Last updated: 14 Oct, 2021
Published on: 4 Mar, 2016
Help! I've found a stray cat. What do I do?
Think twice before taking a cat you find to a shelter
When you come across a friendly cat, think twice about picking it up and taking it to a shelter. Research shows that lost pet cats are far more likely to find their way back home themselves, with only 3% of 'rescued' cats reunited with their owners via a shelter.
Leave pet cats where they are or, if laws permit, take them to a local vet to be scanned for a microchip. A staggering 80 per cent of cats entering the pound system are killed. So we don’t want the cat ending up in a shelter if it is lost. Statistically, cats are much, much more likely to return home on their own than survive being impounded.
Not all cats you see are lost
It’s also worth noting that not all cats are lost. In every urban community, there are semi-owned or ‘community cats' living happily amongst us. Urban stray cats have access to food and water and survive happily in our communities. If they are healthy cats in good condition, don’t attempt to trap them and take them to a shelter. There are better ways of managing and reducing cat numbers. Find out about the Community Cat Program and how it's helping cats.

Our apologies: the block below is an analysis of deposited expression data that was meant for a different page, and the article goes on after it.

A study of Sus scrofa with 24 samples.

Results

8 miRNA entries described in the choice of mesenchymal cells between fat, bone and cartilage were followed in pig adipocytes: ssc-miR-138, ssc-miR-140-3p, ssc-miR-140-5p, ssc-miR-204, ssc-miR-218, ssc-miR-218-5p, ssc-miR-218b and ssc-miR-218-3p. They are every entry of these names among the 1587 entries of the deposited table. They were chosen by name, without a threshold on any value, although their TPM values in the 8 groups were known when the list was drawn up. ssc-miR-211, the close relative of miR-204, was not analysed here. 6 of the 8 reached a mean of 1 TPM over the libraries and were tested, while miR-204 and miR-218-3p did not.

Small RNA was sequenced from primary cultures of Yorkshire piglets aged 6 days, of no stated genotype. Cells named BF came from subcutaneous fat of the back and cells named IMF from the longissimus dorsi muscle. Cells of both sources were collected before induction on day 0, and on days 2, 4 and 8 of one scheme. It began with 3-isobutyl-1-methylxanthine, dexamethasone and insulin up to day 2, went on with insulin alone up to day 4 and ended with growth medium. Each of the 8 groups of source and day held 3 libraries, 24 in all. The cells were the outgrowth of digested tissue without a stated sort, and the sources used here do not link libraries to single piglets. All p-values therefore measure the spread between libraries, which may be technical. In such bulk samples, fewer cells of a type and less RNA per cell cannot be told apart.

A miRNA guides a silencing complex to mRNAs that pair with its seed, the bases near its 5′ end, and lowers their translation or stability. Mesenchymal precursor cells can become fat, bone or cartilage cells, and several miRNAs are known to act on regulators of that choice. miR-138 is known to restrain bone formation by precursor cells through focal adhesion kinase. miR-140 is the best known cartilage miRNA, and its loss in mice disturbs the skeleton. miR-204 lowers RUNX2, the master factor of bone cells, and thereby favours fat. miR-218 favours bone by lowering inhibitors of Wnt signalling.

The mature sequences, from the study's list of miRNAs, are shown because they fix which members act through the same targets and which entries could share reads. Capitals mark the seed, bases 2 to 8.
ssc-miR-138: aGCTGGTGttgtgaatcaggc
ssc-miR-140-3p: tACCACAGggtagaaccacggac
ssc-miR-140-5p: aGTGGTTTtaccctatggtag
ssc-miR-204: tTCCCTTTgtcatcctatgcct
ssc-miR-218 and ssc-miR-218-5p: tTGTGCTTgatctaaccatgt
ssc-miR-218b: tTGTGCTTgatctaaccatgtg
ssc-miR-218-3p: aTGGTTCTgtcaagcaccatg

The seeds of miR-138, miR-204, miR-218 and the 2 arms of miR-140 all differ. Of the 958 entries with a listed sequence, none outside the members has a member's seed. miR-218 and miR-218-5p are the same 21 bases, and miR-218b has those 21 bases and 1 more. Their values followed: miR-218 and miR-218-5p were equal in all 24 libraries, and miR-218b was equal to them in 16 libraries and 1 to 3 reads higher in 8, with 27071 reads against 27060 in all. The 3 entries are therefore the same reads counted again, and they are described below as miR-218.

You can visit the National Desexing Network for more information about discounted desexing.
You can also find some helpful information on how to care for stray cat families here.
The sad truth is that council pounds are generally not safe places for kittens and cats, with thousands killed each year. PetRescue is trying to change this, and we’d love your help.